The presidential election is 100 days ahead. During his single five-year term, President Moon Jae-in has pursued a disastrous doctrine of “income-led growth” that ignored market principles and ended up pushing millions of small business owners to financial ruin. His failed policies resulted in a sharp decline in the number of jobs available for people in their 30s and 40s and a marked rise in part-time jobs. Increased welfare spending resulted in Korea’s fiscal debt snowballing to W1 quadrillion, and his failed attempt to tame real estate prices through punitive taxes resulted instead in soaring home prices (US$1=W1,195). Moon’s rushed attempt to embrace green energy ended up causing Korea’s nuclear power industry, which was the most competitive in the world, to crumble. And by betting everything on pointless photo-ops with North Korean leader Kim Jong-un, the nation’s security and alliance with the U.S. weakened. The public hopes that a new government will return the country back on a course to prosperity. But the candidates of both the ruling an opposition parties are looking more and more hopeless.

Distrust of the ruling Minjoo Party’s presidential candidate Lee Jae-myung is rightly growing. Not only is he embroiled in a land development scandal from his time as mayor of Seongnam, when he favored an inexperienced construction company in the biggest project the city had ever seen, he is now trying to soft-pedal an independent investigation into the abuses. And when it emerged that he defended his nephew, who had brutally murdered two women in their home, in court using the insanity plea he often favored as a criminal attorney, he referred to it as an “unfortunate case of dating violence.” When he has taken time out from responding to these unsavory episodes to lay out his policies, they have sounded even more absurd than the current president’s.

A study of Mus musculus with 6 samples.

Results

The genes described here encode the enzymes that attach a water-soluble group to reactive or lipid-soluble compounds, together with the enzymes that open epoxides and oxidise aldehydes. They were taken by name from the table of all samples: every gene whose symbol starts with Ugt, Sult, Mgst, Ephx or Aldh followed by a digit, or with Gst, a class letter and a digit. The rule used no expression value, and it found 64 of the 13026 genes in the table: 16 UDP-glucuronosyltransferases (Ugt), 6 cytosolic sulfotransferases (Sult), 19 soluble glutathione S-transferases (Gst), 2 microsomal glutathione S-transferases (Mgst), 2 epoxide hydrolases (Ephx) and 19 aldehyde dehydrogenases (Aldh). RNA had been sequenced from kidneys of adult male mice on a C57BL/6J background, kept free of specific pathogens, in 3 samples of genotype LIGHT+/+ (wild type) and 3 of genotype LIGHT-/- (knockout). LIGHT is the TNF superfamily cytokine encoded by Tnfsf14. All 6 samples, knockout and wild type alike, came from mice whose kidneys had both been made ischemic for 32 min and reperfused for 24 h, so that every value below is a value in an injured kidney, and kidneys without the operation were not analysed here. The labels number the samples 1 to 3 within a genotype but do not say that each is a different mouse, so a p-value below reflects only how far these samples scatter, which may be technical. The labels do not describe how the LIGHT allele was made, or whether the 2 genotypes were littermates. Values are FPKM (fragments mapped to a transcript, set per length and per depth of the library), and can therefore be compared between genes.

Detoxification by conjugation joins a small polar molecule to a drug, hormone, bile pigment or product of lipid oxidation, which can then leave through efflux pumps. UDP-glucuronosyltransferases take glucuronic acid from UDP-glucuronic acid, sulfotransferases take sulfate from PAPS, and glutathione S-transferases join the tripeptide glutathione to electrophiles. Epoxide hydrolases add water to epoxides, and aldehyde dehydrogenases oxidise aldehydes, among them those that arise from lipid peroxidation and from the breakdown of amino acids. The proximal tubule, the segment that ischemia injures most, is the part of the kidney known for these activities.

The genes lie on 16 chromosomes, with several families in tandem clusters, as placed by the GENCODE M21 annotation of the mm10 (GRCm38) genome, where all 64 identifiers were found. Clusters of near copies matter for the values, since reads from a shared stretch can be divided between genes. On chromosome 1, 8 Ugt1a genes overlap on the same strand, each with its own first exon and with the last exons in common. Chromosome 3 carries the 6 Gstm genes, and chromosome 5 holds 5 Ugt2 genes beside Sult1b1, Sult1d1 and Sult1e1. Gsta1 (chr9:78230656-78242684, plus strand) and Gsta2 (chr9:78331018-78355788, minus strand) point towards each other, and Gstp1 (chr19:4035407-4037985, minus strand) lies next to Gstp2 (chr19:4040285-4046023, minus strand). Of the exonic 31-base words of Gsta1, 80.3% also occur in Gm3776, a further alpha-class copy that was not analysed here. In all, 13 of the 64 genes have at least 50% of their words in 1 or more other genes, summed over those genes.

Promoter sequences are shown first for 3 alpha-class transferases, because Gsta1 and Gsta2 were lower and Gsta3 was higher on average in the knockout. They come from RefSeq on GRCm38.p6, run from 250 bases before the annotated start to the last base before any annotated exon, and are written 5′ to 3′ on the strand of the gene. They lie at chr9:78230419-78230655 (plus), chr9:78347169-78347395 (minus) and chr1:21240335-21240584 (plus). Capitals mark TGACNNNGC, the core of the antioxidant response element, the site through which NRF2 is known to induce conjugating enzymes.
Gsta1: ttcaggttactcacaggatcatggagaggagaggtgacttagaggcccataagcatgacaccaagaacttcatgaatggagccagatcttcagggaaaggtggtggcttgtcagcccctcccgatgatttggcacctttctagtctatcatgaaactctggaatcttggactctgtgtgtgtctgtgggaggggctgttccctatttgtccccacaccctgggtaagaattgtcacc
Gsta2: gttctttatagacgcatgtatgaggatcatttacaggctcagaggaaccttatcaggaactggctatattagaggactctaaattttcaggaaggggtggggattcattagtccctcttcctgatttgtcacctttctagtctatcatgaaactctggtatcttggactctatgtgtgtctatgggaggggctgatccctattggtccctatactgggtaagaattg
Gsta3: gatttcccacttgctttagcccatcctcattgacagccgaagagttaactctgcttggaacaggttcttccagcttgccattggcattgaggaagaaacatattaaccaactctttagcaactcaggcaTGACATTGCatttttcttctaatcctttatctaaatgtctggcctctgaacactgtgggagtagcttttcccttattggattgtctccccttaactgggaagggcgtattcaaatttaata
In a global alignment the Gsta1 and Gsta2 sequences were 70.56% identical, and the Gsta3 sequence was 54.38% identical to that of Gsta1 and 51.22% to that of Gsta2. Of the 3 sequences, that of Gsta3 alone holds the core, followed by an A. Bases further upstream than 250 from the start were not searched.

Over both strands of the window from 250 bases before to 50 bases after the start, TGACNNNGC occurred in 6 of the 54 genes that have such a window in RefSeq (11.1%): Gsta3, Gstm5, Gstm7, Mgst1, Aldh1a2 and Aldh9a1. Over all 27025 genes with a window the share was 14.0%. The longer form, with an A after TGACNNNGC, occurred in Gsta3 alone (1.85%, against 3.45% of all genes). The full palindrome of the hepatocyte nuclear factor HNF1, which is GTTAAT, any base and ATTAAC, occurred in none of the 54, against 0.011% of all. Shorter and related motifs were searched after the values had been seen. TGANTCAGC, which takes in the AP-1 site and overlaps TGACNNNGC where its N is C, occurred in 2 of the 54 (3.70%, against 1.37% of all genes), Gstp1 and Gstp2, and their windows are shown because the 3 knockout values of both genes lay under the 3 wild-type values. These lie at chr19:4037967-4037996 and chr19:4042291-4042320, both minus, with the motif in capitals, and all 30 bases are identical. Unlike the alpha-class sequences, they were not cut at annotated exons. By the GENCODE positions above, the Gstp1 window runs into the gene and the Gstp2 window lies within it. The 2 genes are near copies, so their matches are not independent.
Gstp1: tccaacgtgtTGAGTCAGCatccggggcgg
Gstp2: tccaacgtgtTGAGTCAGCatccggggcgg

Meanwhile across the aisle, People Power Party candidate Yoon Seok-youl has been unable to form an election committee more than 20 days after his nomination. Veteran PPP lawmakers tripped over each other to be selected to lead the committee, but Yoon, who only recently joined the party, is desperately reaching out instead to former Minjoo figures in the hope of generating a broader appeal. While that farce continues and arguments rage over who took phone calls from whom, no experts in the economy, national security or other fields can be spotted in his ranks. Yoon has been unable to present any concrete policies and baffled voters by being seen in public with a mark that reads “king” on his palm and committing any number of increasingly bizarre gaffes.

No wonder so many voters say they support none of the leading candidates. If they are to get out of this mess, Lee must immediately give his full cooperation to an independent inquiry in the land development scandal and apologize for any mistakes he made, and Yoon must not waste another minute diffusing the battle within his own party and come up with a clear vision and concrete policies that can offer hope to all Koreans.